People love food fat! And the scientific data is clear – the fats on this good-fat-bad-fat-food-fat list all affect your heart one way or another. They’re either good for your health or bad for you.
Food fat can contribute to a happy healthy heart or heart failure and death – it’s your choice!
Fat in food is not just about being "fattening." Although there's still plenty of bad-fat-good-fat-food-fat confusion, scientists now realize that there are both extremely healthy good fats as well as extremely unhealthy bad fats. And some of the good fats can even help you lose weight.
Bad Fat Good Fat Food Fat List
If you're having trouble digesting some of the bad fat good fat food fat details, you're certainly not alone. And it's understandable why.
After all, too much saturated fat or any trans-fat in your diet is clearly a disaster waiting to happen. On the other hand, the essential fatty acids are "essential" for optimum physical, mental and emotional health. To clear up the confusion, here's your bad fat good fat food fat list of fat facts.
Trans fatty acids are the real bad fat boys. Since trans fats have been shown to raise artery-clogging LDL (bad) cholesterol and cause breast cancer, they should be totally eliminated from your diet.
Trans fat is created when processed vegetable oils are hydrogenated or partially hydrogenated. Food sources include candy, cakes, pies, cookies, pastries, crackers, biscuits, cereals, deep fried foods, fatty meat from beef and sheep, soups, margarine and some salad dressings.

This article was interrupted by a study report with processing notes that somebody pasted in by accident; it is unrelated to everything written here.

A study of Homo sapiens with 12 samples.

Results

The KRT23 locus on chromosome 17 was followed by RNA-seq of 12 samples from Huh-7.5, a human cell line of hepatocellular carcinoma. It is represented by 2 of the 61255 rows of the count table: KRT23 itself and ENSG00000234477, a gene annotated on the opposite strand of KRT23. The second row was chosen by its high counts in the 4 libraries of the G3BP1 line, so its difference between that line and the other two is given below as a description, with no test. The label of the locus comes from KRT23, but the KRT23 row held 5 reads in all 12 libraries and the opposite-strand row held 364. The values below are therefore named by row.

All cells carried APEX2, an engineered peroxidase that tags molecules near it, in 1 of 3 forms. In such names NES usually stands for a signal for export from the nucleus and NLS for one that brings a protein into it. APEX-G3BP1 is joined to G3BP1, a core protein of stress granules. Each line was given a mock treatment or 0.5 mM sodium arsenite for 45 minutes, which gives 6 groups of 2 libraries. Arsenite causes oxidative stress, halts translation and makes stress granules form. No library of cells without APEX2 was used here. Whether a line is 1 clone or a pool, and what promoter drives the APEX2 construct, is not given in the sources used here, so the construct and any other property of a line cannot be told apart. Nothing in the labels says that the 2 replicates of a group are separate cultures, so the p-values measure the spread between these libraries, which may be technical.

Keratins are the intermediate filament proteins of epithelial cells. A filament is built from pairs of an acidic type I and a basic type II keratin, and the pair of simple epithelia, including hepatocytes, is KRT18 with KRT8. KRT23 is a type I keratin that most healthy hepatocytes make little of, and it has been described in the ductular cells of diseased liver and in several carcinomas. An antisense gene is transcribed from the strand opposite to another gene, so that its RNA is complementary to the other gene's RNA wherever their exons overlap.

Saturated fats should make up no more than about 10% of your calorie intake. Even though saturated fats add flavor to food and can be beneficial in small amounts, in large quantities saturated fat has been shown to clog arteries and cause other cardiovascular health problems.
Saturated fats are mainly in animal foods, such as beef, pork, lamb, butter, cheese, cream, ice cream and other full-fat and low-fat dairy products. It's also found in tropical palm and coconut oils.
Polyunsaturated oils are the source of essential fatty acids. They used to be ranked highest on the food fat list. But now that food fat is better understood, polyunsaturated fats are known to be a mixed bag.
The reason is clear. Most people get way too much non-nutritious polyunsaturated omega 6 fat in the form of highly refined vegetable oils. This throws off their optimum balance of omega 3 to omega 6 oils.
It's best to use monosaturated olive oil for salads and cooking and get your essential fatty acids from whole food sources. These include 100% whole wheat, brown rice and other whole grains, nuts, seeds and beans, especially soybeans, sunflower seeds and walnuts.
Monounsaturated fat helps protect against heart disease by lowering LDL (bad cholesterol) and raising HDL (good cholesterol). The best source is extra virgin olive oil. Other good sources include olives, almonds, peanuts, pecans, hazelnuts, avocados and pumpkin and sesame seeds.
Omega 3 with EPA and DHA is considered to be in a class by itself – even though it's technically polyunsaturated. This is because of the exceptional omega 3 EPA and DHA health benefits, which include reducing your risk of heart disease, type 2 diabetes, some kinds of cancers, arthritis, depression and protection against many other painful and serious diseases.
The best sources of omega 3 with EPA and DHA are salmon, mackerel, herring, tuna, trout, anchovies and good quality omega 3 fish oil capsules. (Note: plant sources of omega 3 do NOT have EPA and DHA.)
Remember that all fats, bad or good, have 9 calories per gram. So even though omega 3 fish oil and olive oil are both great for your heart and bacon fat is terrible, each fat gram adds the same amount of calories. For my low-calorie omega 3 recommendation, go to the fish oil website.